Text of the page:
In many countries that used to be so-called ‘third world’ countries, the standards of living increase and investments in infrastructure are rising. Also, in a number of other countries that go through a transformation politically and economically, investmentments in roads and the traffic system increase as well. Still, traffic deaths remain high in these countries and this is mainly because of the culture and habits of drivers. the focus on safety is usually low during driver training, and driver training in general is rather poorly developed. During driver training the focus is typically on vehicle handling skills and not on safe traffic participation. Example are India and China. In these countries the pressure on the system is enormous: there’s a big increase in people who start to drive and the traditional driver training sector can not deal with that. In order to reduce traffic deaths in those countries:
- driver training has to improve drastically: not only focus on vehicle handing skills but focus much more on traffic rules and traffic participation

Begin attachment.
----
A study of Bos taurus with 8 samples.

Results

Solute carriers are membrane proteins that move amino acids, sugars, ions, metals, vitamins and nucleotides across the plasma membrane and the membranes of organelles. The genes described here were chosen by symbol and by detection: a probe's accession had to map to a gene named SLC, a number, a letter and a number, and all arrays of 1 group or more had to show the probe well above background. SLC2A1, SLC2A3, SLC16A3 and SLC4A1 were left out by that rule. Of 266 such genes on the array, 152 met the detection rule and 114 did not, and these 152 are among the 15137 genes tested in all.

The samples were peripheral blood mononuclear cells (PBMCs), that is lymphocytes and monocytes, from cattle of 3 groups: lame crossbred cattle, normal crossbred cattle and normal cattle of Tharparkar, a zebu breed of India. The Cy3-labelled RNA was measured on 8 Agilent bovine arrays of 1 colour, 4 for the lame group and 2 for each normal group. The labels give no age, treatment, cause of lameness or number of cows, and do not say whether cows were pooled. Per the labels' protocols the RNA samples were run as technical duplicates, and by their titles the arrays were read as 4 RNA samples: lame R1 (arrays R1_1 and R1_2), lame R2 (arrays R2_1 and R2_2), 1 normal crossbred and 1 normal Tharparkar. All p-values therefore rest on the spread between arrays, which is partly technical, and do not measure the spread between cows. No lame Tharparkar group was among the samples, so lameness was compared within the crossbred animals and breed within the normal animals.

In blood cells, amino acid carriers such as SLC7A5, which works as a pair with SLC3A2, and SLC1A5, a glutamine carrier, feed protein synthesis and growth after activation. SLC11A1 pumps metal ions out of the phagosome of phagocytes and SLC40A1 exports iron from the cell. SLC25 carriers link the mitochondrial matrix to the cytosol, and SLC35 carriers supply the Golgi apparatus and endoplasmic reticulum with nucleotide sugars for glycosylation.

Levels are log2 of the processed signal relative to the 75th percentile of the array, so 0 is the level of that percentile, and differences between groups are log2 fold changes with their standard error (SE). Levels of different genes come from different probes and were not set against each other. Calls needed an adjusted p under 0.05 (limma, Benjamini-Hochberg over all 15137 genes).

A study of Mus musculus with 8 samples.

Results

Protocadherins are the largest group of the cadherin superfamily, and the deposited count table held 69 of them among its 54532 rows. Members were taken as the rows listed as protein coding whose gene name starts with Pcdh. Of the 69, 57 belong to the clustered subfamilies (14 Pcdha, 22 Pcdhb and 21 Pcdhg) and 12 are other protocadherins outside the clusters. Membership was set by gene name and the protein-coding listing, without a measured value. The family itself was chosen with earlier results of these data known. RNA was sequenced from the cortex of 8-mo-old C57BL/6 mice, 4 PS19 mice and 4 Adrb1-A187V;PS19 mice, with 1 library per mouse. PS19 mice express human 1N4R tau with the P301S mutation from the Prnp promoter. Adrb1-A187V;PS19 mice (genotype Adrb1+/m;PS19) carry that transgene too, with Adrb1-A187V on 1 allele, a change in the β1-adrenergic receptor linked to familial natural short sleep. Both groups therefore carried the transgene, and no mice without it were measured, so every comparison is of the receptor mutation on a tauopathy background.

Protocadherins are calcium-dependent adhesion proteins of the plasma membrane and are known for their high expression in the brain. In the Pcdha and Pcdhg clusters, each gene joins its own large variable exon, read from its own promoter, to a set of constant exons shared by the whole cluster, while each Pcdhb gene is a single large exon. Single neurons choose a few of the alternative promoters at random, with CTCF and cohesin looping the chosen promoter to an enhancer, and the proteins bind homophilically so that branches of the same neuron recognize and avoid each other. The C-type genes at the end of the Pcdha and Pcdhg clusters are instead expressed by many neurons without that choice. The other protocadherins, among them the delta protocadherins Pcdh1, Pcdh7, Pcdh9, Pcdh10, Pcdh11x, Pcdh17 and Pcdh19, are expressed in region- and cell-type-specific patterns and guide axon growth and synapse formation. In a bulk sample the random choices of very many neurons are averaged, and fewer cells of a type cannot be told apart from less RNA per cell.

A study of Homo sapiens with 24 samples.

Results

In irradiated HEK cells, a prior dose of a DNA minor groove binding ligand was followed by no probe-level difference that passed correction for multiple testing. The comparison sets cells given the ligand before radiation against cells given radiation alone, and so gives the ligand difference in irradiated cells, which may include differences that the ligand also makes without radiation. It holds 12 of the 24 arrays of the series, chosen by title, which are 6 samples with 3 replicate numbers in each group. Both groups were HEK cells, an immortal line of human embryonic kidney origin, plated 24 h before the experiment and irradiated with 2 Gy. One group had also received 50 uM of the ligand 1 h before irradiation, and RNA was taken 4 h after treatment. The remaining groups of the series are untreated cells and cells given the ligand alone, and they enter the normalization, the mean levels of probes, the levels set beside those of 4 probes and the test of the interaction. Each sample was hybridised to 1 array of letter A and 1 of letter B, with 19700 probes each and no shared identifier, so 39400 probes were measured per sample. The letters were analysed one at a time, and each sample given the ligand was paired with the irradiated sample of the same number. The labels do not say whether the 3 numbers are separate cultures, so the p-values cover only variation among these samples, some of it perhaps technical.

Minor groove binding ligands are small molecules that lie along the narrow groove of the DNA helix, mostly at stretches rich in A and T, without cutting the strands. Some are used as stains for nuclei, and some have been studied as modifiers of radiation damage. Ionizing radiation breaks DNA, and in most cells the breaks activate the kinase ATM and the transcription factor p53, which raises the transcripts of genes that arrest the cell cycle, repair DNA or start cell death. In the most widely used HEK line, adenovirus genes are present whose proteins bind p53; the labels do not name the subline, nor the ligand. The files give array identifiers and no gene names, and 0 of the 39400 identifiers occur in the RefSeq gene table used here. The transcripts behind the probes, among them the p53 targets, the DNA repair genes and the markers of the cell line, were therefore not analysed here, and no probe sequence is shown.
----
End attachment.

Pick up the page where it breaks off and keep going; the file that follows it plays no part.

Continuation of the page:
- increase the standards of the driver exams and use standardized tests for that to cope with the increased demands and limited capacity of the sector
- change the traffic culture where people don’t follow the traffic rules. This can also be done during driver training but also via more efficient enforcement
If the traffic system is chaotic, learner drivers have a very hard time during their driver training. Because they have a problem with doing all driver tasks simulteneously: steering, checking the mirrors, anticipation far ahead, gear changing, lane keeping, use of indicator, etc. they can be overwhelmed by the chaos on the road. And then the training efficiency will be low.
In a car driving simulator, they can practice all tasks efficiently, because a driving simulator offers a much more structured environment in which to learn the skills needed for safe driving. Also, standard tests with traffc interactions are much better implemented in a driving simulator, compared to on-road exams.